Father’s Day got a jump start from the formation of Mother’s Day. The nation’s first Father’s Day was celebrated in the state of Washington on June 19, 1910. It was fifty-eight years after President Woodrow Wilson made Mother’s Day official — that the day honoring fathers became a holiday in the United States.

FathersDayM1 The campaign to celebrate fathers did not meet with the same enthusiasm. Many men mocked the holiday’s sentimental attempts to domesticate manliness with flowers and gift-giving.

Mrs. Sonora Smart Dodd is credited with beginning Father’s Day celebrations. Her story began as she sat listening to a Mother’s Day sermon in 1909. Dodd was struck with the idea of creating a special holiday to honor fathers, too. She felt as though mothers were getting all the acclaim while fathers were equally deserving of a day of praise.

William Jackson Smart, her father, raised her and her five younger brothers by himself after his wife died giving birth to their youngest child in 1898. To show her appreciation for his hard work and love, Dodd thought there should be a day to pay respect to him and other dads like him.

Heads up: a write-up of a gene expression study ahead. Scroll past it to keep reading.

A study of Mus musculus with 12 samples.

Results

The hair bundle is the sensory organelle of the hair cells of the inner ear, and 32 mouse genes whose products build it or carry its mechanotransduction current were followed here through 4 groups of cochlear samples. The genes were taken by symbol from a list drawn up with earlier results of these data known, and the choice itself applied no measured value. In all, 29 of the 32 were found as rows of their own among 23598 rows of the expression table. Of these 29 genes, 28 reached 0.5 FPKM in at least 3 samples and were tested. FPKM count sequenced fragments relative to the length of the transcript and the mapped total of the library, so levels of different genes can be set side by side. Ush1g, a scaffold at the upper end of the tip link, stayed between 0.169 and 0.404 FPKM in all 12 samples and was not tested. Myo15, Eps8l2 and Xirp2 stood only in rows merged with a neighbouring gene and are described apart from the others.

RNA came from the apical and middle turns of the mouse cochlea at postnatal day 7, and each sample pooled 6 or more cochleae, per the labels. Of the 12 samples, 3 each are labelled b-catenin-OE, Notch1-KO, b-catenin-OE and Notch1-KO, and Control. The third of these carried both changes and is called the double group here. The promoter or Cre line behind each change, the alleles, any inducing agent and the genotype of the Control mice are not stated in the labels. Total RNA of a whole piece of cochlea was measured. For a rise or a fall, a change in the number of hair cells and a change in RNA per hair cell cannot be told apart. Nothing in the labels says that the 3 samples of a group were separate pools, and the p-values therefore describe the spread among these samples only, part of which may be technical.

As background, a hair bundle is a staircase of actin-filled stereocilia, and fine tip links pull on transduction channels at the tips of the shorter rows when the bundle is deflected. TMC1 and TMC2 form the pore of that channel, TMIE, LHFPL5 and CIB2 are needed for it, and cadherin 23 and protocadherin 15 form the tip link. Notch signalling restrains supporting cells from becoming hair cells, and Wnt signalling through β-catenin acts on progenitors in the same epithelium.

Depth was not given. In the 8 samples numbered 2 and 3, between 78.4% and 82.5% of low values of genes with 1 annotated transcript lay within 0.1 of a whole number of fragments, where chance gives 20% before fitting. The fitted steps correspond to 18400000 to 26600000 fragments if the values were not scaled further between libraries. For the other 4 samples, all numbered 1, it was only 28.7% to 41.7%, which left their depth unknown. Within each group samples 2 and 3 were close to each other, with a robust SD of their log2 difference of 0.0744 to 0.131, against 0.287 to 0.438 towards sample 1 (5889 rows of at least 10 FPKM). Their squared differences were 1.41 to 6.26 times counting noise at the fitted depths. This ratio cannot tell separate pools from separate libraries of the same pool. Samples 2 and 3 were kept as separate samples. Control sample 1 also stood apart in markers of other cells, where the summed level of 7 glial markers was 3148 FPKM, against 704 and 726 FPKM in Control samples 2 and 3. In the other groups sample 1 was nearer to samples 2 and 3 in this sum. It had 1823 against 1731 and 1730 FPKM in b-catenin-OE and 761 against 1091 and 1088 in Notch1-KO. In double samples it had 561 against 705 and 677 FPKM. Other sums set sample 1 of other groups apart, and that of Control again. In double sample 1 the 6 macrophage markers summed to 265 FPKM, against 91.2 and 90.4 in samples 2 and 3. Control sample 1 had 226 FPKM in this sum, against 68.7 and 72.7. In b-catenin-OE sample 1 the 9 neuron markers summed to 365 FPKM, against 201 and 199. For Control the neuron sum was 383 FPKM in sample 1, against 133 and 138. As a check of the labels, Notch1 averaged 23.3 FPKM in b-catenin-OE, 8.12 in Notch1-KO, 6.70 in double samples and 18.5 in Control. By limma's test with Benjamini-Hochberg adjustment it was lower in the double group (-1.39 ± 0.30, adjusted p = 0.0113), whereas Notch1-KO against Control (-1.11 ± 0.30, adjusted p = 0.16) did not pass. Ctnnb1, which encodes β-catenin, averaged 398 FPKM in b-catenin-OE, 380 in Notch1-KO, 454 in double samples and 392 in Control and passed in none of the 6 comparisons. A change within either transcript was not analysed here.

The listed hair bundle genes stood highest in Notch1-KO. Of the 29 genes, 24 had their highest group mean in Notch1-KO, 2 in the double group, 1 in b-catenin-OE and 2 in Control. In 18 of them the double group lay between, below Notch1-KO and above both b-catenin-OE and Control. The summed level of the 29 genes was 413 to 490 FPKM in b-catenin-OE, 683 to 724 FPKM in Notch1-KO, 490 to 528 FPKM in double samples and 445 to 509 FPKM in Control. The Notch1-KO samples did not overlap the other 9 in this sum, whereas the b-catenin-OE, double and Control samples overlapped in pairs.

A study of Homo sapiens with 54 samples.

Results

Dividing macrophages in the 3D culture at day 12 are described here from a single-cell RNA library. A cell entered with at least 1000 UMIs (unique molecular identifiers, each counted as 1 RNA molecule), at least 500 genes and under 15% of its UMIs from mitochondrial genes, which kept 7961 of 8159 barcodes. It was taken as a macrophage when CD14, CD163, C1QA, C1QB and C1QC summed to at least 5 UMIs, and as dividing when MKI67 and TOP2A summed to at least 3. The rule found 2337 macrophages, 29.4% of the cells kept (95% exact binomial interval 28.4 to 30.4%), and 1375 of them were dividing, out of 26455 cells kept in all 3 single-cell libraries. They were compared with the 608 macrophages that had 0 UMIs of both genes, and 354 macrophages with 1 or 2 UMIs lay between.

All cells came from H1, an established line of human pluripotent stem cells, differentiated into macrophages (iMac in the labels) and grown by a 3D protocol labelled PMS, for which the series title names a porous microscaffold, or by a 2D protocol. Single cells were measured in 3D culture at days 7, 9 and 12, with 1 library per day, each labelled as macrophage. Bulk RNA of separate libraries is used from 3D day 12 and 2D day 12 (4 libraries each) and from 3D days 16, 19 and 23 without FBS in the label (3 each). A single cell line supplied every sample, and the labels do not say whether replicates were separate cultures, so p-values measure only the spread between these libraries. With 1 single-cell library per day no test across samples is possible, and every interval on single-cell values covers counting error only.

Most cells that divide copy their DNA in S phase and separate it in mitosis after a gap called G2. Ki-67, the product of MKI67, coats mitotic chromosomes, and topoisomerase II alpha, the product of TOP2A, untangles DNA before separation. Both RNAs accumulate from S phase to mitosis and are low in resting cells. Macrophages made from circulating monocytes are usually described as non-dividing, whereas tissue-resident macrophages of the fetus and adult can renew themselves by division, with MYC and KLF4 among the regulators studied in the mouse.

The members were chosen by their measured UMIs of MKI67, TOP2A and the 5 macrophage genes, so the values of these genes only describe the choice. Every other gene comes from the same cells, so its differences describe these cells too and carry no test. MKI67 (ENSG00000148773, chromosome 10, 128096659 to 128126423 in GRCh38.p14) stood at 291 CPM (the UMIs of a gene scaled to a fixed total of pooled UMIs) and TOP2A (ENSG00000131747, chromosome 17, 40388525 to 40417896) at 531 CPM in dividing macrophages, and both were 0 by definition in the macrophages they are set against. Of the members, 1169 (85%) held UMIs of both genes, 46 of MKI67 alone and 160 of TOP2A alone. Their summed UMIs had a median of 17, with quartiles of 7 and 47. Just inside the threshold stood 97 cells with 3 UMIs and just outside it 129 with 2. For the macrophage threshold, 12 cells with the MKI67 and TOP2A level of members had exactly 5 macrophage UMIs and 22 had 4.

Dodd approached the Spokane YMCA and the Spokane Ministerial Alliance, and she initially suggested June 5, the anniversary of her father’s death to be the designated day to celebrate Father’s Day. The idea received support, but the ministers asked that the day be changed to allow them additional time to prepare sermons on the unexplored subject of fathers.

Slowly, the holiday spread. The first bill was introduced in Congress in 1913, but despite encouragement by President Woodrow Wilson, it did not pass.

In 1924, President Calvin Coolidge supported Father’s Day to establish closer relationships between fathers and their children, and to impress upon fathers the full measure of their obligations. But no official action was taken. Then in 1966, Lyndon Johnson issued a proclamation designating the third Sunday in June to honor fathers.

Finally, in 1972, President Richard Nixon permanently established the observance of the third Sunday in June as Father’s Day in the United States. Since Father’s Day has become a time to recognize the many different father figures in our lives, it is a time to value a father’s role in one’s life and to reflect upon paternal bonding.

Melissa Jones is an experienced mass market and e-commerce buyer with over 15 years in the floriculture industry.